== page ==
Dominic Irvine & time trial legend Glenn Longland aim for LEJOG tandem record

Record has stood since 1966

The record for riding Land’s End to John O’Groats by tandem is one of cycling’s most enduring. On May 3 2014, Dominic Irvine and Glenn Longland will set out to crack the mark of 50 hours 14 minutes and 25 seconds set in 1966 by Pete Swinden and John Withers.

A typical End-to-End touring ride takes about ten days, though riders doing it for fun usually take a longer route than the 840-mile track Irvine and Longland will use.

The solo men’s record is just over 40 hours (40:04:20, set in 2001 by Gethin Butler) so on paper the tandem record looks vulnerable, tandems usually being faster than solo bikes.

In practice, it’s not so easy. Olympic rower-turned-endurance cyclist James Cracknell has tried to break both the men’s record (with Jerone Walters) and the mixed record (with Rebecca Romero) and failed both times.

In 2012, Irvine and Ian Rodd rode the full distance, but missed the record by more than eight hours after Irvine became ill early in the ride. They are thought to be the only team to have ridden the distance non-stop since Swinden and Withers.

After that attempt, Irvine described the record as “unfinished business” and now he’s back with one of the legends of British time trialling, Glenn Longland.

Longland was the first rider to average more then 25mph in a 12-hour time trial when he set a record of 300.8 miles in 1991 on the way to winning the British Best All-Rounder time trial title for the second time.

As well as an endurance cyclist, Dominic is a motivational speaker and facilitator and is all about ‘Maverick Thinking’ - examining how ordinary people can do extraordinary things.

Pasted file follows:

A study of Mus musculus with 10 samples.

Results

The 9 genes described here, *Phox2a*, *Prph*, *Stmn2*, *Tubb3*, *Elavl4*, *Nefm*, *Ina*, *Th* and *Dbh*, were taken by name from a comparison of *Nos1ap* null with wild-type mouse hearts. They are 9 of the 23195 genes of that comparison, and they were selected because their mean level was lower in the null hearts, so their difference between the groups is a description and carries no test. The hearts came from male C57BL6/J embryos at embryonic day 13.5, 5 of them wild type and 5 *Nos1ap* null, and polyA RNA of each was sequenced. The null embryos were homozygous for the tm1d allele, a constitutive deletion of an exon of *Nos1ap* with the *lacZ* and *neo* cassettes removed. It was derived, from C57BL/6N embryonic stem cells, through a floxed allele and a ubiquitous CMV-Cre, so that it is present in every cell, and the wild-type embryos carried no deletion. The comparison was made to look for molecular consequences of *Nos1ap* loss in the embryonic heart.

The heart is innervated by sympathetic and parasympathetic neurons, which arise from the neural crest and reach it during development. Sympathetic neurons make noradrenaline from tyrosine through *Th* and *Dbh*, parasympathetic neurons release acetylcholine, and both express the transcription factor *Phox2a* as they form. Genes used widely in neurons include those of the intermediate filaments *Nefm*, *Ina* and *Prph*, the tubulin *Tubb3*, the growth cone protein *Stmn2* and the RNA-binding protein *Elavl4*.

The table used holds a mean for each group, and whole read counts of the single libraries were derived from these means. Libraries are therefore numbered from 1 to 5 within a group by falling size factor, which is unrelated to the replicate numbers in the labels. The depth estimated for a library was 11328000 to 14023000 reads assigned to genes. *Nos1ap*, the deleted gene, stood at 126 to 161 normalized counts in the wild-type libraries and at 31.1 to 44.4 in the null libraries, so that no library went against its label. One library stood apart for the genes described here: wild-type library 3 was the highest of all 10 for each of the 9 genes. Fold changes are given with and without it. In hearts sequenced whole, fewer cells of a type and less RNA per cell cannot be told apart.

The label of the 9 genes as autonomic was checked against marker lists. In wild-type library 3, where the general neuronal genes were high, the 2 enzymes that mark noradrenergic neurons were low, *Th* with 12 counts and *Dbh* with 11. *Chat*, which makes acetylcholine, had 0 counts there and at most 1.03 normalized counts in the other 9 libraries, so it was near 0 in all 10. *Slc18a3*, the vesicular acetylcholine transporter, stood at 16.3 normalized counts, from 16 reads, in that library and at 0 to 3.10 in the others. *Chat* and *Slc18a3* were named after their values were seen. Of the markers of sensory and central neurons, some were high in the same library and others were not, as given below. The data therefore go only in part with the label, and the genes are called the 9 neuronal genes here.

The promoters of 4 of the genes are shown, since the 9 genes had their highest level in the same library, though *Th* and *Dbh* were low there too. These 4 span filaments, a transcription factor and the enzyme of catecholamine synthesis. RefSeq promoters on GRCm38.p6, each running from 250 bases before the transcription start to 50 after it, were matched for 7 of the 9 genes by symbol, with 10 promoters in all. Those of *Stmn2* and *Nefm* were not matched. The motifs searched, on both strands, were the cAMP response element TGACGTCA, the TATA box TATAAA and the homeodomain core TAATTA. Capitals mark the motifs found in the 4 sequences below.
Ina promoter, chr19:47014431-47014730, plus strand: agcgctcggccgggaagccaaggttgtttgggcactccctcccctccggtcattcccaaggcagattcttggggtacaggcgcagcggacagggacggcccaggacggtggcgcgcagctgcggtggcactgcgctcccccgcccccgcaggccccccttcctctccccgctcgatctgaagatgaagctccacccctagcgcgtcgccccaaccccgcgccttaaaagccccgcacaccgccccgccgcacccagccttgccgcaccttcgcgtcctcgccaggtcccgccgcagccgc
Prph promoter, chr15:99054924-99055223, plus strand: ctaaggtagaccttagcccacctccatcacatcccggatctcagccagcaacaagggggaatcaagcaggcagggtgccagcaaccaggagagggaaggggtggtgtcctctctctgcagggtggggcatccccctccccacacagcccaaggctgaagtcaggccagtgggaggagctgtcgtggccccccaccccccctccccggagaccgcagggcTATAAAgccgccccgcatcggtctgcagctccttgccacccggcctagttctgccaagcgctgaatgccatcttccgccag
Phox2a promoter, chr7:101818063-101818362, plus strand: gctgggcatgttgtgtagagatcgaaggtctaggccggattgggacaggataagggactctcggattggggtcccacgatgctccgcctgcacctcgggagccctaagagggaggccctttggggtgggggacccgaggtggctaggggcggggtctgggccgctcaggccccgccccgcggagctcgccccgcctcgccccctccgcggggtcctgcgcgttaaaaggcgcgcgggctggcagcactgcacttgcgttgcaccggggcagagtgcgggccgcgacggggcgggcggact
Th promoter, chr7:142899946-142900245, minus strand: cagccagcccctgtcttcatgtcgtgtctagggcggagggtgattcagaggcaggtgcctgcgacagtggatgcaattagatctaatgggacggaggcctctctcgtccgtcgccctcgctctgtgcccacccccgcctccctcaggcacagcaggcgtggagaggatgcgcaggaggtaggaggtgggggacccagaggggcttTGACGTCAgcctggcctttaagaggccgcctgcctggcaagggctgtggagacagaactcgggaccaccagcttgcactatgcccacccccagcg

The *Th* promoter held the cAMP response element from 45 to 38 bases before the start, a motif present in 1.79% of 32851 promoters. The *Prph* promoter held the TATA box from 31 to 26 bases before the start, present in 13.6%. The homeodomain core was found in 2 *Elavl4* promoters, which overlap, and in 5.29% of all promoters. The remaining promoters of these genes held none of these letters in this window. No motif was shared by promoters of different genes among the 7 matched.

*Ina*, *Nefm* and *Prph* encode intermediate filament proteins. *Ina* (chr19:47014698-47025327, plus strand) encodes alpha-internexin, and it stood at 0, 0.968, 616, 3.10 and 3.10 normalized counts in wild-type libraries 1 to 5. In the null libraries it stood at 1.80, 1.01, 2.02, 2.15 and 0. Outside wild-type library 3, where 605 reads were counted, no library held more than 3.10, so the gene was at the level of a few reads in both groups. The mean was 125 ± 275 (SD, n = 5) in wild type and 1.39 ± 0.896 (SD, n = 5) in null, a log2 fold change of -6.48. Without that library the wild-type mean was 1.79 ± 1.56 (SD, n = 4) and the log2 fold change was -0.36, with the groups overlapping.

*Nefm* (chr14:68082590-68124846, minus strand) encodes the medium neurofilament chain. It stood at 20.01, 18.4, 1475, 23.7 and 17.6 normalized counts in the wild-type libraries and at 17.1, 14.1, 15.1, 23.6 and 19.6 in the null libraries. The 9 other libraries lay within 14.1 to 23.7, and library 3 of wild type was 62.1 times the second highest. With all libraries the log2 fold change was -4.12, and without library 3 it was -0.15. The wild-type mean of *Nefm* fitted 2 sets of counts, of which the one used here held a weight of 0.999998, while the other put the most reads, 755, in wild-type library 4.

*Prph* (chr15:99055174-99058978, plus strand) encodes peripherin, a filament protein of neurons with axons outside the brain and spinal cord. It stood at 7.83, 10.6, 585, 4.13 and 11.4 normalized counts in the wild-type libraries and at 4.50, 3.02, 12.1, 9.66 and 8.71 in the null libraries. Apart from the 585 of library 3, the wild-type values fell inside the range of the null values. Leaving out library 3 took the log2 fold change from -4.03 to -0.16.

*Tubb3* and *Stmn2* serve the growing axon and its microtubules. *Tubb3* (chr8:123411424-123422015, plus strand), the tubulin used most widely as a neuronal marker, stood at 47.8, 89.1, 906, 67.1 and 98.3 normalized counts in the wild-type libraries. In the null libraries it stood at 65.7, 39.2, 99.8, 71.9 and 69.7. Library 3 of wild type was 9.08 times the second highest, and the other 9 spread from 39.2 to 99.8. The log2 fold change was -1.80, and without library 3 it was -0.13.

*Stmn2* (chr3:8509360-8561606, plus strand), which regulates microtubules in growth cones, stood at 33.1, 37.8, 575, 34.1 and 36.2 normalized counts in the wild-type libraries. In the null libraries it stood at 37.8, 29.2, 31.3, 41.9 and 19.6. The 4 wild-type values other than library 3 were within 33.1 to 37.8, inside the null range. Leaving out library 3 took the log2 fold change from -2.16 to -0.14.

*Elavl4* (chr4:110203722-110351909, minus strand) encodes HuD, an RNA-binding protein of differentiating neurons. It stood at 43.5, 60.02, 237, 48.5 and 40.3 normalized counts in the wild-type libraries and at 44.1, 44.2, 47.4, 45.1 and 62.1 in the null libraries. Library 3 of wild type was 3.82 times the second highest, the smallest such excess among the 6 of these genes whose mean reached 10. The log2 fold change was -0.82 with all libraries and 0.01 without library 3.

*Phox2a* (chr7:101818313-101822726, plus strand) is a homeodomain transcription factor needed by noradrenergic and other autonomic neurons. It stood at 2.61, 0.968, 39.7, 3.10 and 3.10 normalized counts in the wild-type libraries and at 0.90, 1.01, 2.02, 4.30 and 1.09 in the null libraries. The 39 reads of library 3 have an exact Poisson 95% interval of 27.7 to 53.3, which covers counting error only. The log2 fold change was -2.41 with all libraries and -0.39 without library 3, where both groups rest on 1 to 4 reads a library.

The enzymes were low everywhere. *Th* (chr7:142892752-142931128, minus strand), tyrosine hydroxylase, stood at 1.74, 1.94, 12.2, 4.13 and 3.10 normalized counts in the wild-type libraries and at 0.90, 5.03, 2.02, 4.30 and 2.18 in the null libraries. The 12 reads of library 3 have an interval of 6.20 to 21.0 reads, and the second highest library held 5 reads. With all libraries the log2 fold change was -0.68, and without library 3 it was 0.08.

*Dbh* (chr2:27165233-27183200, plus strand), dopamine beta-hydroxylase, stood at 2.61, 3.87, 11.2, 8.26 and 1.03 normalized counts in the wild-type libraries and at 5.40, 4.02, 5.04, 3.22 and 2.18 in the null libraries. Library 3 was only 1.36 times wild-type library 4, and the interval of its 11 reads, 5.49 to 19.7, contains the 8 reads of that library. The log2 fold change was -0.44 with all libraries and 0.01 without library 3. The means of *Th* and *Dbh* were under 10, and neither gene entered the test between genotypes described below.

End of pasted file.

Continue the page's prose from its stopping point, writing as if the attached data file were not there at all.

After his 2012 attempt on the record, he said: “It’s really great, isn’t it, as an ordinary person, not a superstar, not an Olympian, to take on an extraordinary challenge, and just see if you can do it.”

Irvine and Longland hooked up after Ian Todd decided another crack at the record was not for him, and Irvine put the word out that he needed a partner.

On his blog, Irvine wrote: “Glenn’s a legend, and living proof that age is just a number. At 57 years of age his prowess on a bike is simply phenomenal. We had our first century ride together a few weekends ago. If you were riding a sportive in and around Pewsey and Upavon, my apologies, you weren't slow, it’s just we were in the groove and flying. It bodes well, really well for the next attempt.”

Talking about his latest attempt on the Land’s End to John O’Groats tandem record, Irvine said: “I like to practice what I preach and I am a prime example of someone ordinary accomplishing something extraordinary.  With dedication and training, myself and Glenn have a real shot at breaking this record and we’re very excited for things to get going.”

Irvine and Longland will be using the attempt to raise money for Heart Research UK’s ‘Helping Little Hearts’ campaign.

Irvine said: “Having spent a number of years helping young people make the most of their potential through sport, and with several members of my own family benefitting from the improvements in heart surgery, supporting 'helping little hearts' as part of HRUK seems a particularly appropriate focus.”

Acknowledged by the Telegraph as a leading cycling journalist, John Stevenson has been writing about bikes and cycling for over 30 years since discovering that people were mug enough to pay him for it rather than expecting him to do an honest day's work.

He was heavily involved in the mountain bike boom of the late 1980s as a racer, team manager and race promoter, and that led to writing for Mountain Biking UK magazine shortly after its inception. He got the gig by phoning up the editor and telling him the magazine was rubbish and he could do better. Rather than telling him to get lost, MBUK editor Tym Manley called John’s bluff and the rest is history.

Since then he has worked on MTB Pro magazine and was editor of Maximum Mountain Bike and Australian Mountain Bike magazines, before switching to the web in 2000 to work for Along with editor Tony Farelly, John was on the launch team for and subsequently became editor in chief of Future Publishing’s group of cycling magazines and websites, including Cycling Plus, MBUK, What Mountain Bike and Procycling.

John has also written for Cyclist magazine, edited the BikeMagic website and was founding editor of before handing over to someone far more representative of the site's main audience.

He joined in 2013 and these days he lives in Cambridge where the lack of hills is more than made up for by the headwinds.